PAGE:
Archive for December, 2009

Scents and Sensibilities

Scratch&Sniff

I am hideously behind in my documentation, so much so that I didn’t have anything up in time for the first day of the Winter Show. Which turns out to have been kind of a blessing, as I hadn’t really devoted much time to thinking about the project beyond trying to get it working. Which is uncharacteristic for me, though this project has been nothing if atypical.

The projects [1][2] I submitted to previous shows were polished and worked exactly as intended but were complicated to explain. They came with highly polished spiels that explained the hows and whys and, at least in my mind, completely airtight rationalizations for their existence.

But smells don’t bend to the will as easily as wire and LEDs. They’re invisible, often uncooperative, and, as I learned yesterday, highly subjective. The beauty for me of Scratch&Sniff has been the ease of its explanation (partly because the concept is simple: it’s a scratch and sniff television screen, and partly because I just haven’t had time to rationalize its construction beyond “wouldn’t it be cool if”) coupled with the growth of its meaning and interpretation while watching it in use.

Experiencing the wonders of scratch and sniff TV

In the past I’ve been afraid of allowing too much human element into my work. Both T.H.A.W. (a synthesizer interface that used a hairdryer and “melting” ice cubes) and Al-Gorithm (the paper output of a computer program written for a human being) minimized the subjective experience of the viewer/participant. They were both hermetic systems. You could like them or not, but you couldn’t really argue about how they worked or your role within them.

Scratch&Sniff on the other hand eschews all discourse in favor of an extremely simple concept that the viewer’s experience validates (or doesn’t, depending on the viewer). As at every show, the people I’ve spoken to have fallen into the three rough camps they always seem to:

  1. The Wowers: “This is so cool, how did you do it?”
  2. The Insiders: “This reminds me of a project by x at y, and have you thought about z?”
  3. The Skeptics: “What is the point of a smelly TV? How are you going to monetize it?”

The fascinating thing, though, has been how many people have taken issue with the project based not on how it works but on the smells themselves. “This smells like air freshener, not grass.” The technology vanishes! And what exactly does your TV smell like when you scratch it, I want to ask.

Another surprising thing has been the trepidation with which people approach scratching the screen (“Can I really push hard? Won’t it hurt the screen?”) coupled with the brute force to which they subject the obviously delicate surrounding foam core.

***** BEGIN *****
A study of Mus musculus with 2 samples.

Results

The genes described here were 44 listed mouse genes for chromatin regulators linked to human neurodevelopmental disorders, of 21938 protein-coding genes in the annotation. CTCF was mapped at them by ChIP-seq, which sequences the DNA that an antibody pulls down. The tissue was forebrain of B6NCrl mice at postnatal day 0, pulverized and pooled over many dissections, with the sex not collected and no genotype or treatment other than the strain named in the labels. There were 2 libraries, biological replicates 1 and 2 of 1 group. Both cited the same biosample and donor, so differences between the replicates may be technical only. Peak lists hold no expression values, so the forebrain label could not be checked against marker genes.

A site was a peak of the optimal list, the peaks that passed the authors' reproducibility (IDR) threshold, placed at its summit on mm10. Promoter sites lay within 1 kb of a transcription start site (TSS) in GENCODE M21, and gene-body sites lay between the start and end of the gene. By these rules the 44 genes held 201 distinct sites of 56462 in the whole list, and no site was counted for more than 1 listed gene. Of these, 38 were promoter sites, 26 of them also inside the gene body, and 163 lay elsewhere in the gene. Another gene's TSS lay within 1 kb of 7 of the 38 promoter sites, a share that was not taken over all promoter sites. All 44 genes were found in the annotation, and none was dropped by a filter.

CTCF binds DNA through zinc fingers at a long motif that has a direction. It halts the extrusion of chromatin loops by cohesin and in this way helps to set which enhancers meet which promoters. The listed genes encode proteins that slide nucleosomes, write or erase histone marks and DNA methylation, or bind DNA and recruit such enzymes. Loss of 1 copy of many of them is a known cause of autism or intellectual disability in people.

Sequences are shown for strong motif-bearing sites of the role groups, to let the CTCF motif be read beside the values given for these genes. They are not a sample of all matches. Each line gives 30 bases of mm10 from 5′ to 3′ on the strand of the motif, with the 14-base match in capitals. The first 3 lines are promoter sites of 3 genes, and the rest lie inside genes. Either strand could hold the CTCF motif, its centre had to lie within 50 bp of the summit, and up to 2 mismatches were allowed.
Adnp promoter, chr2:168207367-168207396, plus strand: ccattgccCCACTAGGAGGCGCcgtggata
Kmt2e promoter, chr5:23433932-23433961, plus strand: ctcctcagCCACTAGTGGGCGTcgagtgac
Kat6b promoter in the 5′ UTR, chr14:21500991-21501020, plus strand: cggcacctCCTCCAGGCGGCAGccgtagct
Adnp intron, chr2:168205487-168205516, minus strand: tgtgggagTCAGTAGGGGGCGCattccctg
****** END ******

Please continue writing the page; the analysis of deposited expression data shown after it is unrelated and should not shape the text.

In any case, really interesting. I will post more once I get caught up with my documentation (and sleep) in the coming week.

tweepetry

My father-in-law is obsessed with Twitter poetry, or tweepetry, as he calls it. As someone incapable of succinct expression, I’m a great admirer of the masters of the 140 character quip, foremost among them the inimitable Anderson Miller and the by now overfollowed Shitmydadsays. I’m not sure anyone really knows what the point of Twitter is, but it does lend itself to recording felicitous turns of phrase, so I applaud my pop-in-law’s to up the literary ante.

As a gift last year, I made him a site that aggregates tweepetry using Seaofclouds’s nifty little Twitter-scraping javascript. The concept was super simple: tag any tweet with #tweepetry and it automatically appears on tweepetry.com. I added a couple of snippets to the code to remove the hash tag and done!

It worked great for a couple of weeks. Then the bits of tweepetry that had appeared on the site began disappearing. After three weeks, they were all gone. I did some research into the Twitter Search API and it turns out that only the last 10 days or so are indexed. Anything older than that can no longer be fetched dynamically using search. So tweepetry.com sat empty for six months gathering internet dust.

After three months of database programming, I realized I’d amassed the tools to resolve this problem so I revisited the site, rewriting everything but its visual elements from scratch.

Some recent tweeps

HOW IT WORKS

The site is still dynamic, but the dynamism is all backstage.

There’s now a php script running on my server that polls Twitter every 10 minutes (the maximum number of searches from one IP is limited to 150 per 24 hours). It talks to a MySQL database with two very simple tables, the first to recorded the id, username, time, and text of a particular tweet and the second to keep track of the id of the last tweet. I used two tables to keep my database queries fast. Every time the script runs, it searches Twitter for tweets that include the “#tweepetry” hash tag. If it finds some, it compares the id of the latest with the id stored in the second table. If they’re the same, nothing happens, but if they’re different, each tweet is stored in the database until the id of the last recorded tweet is reached, at which point it is updated to reflect the new additions. Then there’s a simple script that fetches all this information and displays it. That’s it!